You don't need a farm or a large yard to enjoy growing your own fruits and vegetables. Growing food is relaxing and food you grow yourself always tastes better than commercial grocery produce.
Before deciding what you want to grow, find the perfect location and consider how much time and effort you want to put into your garden.
Here are three steps to guide you as you plant your urban vegetable garden.
1. Get Started
Pick a location: Look for a sunny spot that gets at least 6 hours of sun each day. If you are planting in the ground, monitor potential sites this spring to be sure of good drainage (there should be no puddles after rain).
Know your soil: every garden needs soil that is nutrient rich and has plenty of organic matter. You can add compost easily but if you aren't sure if your soil has ample nutrients, send a sample away for analysis.(https://novascotia.ca/agri/documents/lab-services/analytical-lab-soil-analysis.pdf).
Dig in: pick from container gardening on the balcony, raised and in-ground gardens or join a local community garden. Here's the pros and cons of each option to help you decide what's right for you.
- Pros: perfect for small spaces, even an urban balcony - make sure your containers are deep enough for roots to grow (at least 12-18" in diameter for leafy veg and 3 gallon containers for cucumbers or tomatoes; lots of sun and drainage is key - never use regular soil because it will compact and water won't drain properly)
- Cons: need frequent (often daily) watering when it's hot and sunny - try herbs, greens or grow dwarf varieties developed and sold by many seed companies for use on balconies or small areas
- Pros: community gardens offer opportunities to interact with your neighbours, encourage environmental sustainability and promote active living while making your neighbourhood more beautiful; plant veggies, fruit, herbs, flowers or ornamental plants in a common area with shared upkeep and individual garden plots
- Cons: very popular so there may be a waiting list
- Pros: easy to customize soil, plant more intensively and customize soil; soil in raised beds heat up faster in the spring so you can plant earlier; flexible heights make it easier on your back and knees; look for long-lasting hemlock as a long lasting and affordable alternative to cedar
- Cons: while they don't drain as quickly as containers, you may need to water and fertilize more often than with in ground gardens; initial costs may be higher than growing in the ground
In Ground Gardens
- Pros: this method is usually the most economical although your existing soil may need testing and/or amendments; you will need to water less often than with containers or raised beds
- Cons: you must work with what Mother Nature has given you including rocky soil, tree roots or poor soil
2. Pick What (and When) to Plant
Learn what grows well in your area by visiting nurseries or talking with other gardeners. Then, pick what you like to eat and determine when to plant it.
Seeds vs Transplanted Seedlings
Seeds are an inexpensive way to grow food and offer a way to grow a much wider (and exotic) range of varieties. However, they require more effort because some need to be started indoors and you will need to wait longer to harvest food grown from seed sown directly in the ground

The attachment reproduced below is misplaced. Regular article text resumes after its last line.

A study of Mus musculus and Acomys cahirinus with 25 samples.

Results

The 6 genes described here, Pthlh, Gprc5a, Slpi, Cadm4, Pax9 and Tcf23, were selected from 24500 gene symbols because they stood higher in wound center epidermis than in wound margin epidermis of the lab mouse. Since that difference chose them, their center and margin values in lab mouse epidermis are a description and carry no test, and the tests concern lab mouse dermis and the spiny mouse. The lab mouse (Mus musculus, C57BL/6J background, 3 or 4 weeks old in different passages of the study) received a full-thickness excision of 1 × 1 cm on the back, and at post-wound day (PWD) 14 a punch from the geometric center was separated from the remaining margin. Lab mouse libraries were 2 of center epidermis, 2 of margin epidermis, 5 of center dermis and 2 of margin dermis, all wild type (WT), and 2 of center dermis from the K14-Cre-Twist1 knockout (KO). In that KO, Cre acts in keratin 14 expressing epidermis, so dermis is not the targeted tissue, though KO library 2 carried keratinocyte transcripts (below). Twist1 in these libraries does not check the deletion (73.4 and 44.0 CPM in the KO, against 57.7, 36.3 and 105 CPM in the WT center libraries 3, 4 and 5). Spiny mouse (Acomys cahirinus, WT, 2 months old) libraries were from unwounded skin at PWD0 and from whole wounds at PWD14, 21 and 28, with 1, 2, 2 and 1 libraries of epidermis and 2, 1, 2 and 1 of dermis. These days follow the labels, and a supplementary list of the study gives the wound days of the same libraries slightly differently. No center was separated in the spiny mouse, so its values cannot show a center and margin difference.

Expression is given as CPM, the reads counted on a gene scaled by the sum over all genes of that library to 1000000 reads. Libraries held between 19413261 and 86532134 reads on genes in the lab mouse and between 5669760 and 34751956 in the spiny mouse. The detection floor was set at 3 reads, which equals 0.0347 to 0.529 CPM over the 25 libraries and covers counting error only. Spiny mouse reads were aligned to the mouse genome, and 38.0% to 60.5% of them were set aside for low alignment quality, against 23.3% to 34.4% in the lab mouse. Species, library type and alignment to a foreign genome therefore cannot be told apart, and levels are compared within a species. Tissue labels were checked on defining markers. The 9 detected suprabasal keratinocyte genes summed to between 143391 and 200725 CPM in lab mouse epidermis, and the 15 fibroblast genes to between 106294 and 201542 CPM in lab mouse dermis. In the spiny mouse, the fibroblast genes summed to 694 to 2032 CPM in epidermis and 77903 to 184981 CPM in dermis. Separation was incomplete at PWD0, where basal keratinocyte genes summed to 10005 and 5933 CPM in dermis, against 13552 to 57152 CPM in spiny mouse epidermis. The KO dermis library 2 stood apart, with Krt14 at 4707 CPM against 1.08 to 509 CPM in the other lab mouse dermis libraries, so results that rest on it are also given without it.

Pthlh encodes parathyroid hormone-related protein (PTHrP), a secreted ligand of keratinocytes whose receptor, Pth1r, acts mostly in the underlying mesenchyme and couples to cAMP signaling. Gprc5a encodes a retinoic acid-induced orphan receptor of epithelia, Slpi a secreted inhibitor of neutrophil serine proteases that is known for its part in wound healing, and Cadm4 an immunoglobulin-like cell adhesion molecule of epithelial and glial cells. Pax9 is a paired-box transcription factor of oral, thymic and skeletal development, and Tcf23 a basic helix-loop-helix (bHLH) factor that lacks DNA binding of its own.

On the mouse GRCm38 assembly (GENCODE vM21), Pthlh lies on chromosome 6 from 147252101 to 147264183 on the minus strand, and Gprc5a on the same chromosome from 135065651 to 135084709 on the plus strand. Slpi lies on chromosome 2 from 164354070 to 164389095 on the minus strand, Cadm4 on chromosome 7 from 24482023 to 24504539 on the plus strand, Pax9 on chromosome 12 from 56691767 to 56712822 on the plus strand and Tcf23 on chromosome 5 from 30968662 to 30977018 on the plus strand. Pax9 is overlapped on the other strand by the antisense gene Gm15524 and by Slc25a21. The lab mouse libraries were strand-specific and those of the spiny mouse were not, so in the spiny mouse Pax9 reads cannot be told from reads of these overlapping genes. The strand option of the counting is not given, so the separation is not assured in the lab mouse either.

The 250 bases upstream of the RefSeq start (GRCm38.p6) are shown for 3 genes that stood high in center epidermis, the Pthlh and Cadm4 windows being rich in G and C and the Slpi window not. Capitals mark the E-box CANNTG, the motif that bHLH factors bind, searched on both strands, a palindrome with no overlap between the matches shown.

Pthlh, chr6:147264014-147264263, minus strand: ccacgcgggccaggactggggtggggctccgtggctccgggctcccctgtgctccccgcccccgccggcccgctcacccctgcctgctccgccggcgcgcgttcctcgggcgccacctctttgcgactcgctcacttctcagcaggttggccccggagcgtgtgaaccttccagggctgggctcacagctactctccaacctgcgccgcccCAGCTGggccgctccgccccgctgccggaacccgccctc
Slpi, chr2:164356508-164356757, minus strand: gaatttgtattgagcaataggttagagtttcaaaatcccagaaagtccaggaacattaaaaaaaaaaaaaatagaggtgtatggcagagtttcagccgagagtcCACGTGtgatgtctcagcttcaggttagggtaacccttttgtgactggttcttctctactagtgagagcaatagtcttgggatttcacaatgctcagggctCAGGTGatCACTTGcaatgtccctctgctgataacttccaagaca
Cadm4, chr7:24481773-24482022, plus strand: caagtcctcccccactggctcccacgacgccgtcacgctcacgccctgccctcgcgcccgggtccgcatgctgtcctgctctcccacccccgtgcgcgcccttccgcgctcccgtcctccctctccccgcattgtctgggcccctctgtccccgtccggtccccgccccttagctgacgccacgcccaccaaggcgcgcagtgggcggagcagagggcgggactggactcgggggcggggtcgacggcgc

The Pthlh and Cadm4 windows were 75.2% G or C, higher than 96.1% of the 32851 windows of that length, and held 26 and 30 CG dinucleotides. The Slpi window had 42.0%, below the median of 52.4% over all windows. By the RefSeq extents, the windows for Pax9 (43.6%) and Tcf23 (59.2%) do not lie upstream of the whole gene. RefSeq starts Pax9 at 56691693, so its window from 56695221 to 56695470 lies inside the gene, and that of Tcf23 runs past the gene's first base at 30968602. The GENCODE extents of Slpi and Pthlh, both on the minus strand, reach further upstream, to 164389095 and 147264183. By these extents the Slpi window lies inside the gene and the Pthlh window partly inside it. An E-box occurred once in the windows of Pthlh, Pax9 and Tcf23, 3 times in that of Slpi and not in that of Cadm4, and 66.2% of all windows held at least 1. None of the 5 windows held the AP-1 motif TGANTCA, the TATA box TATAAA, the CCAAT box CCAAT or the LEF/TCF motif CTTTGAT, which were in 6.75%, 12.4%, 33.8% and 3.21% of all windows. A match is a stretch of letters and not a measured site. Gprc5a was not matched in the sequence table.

Transplanted seedlings are handy to get new or busy gardeners started. They do cost more than growing from seed and you will have a more limited number of varieties of plants to pick from. Overall, transplanted seedlings from a nursery is a great option to consider if you are short on space, time or experience.
When to Plant
Warm spring weather makes it tempting to get seeds and transplants in the ground. Be sure to know when the last frost date is for your area by looking on line or asking at your local nursery. Even then, a last minute cold snap can hurt or kill tender plants. Peas, broccoli and other varieties however, can tolerate cold so do your homework. Check seed packages or ask at your garden center
So Happy Together!
Plant edibles that require similar amounts of water and sunlight in the same bed or container. Known as companion planting, this can help maximize space and time. For example, grow tomatoes, peppers and eggplant together; they all like warm weather and must be planted out after the frost warning have waned. Edge beds with basil and parsley that enjoy the same growing conditions. Or, plants kale and chard together; both are quick and easy to grow although kale prefers cool weather while chard is less particular.
3. Tend and Harvest!
Preparing and planting your garden takes a little bit of planning and time but is well worth the effort. Once done, all you need to do is basic maintenance.
Feed: Add compost at the beginning of the season and then we find it easy to use either an organic water soluble fish fertilizer as the season progresses
Hydrate: start with moist soil before you plant seeds or transplants. Then, water deeply as needed making sure to water the roots and soil around plants and not the leaves or edible material. Add mulch around seedlings to help retain moisture and reduce soil from splashing on leaves.
Weed: monitor your garden and remove weed sprouts as you see them rather than letting them grow and rob your soil of nutrients. Avoid weed control products in edible gardens.
Resow: fast growing radish and lettuce seeds can be resown every few weeks to ensure a continuous supply of salad.
We think there is nothing more magical or delicious than eating fresh food from your garden....little tomatoes that you pluck off the vine and pop in your mouth are amazing!
So roll up your sleeves and get growing!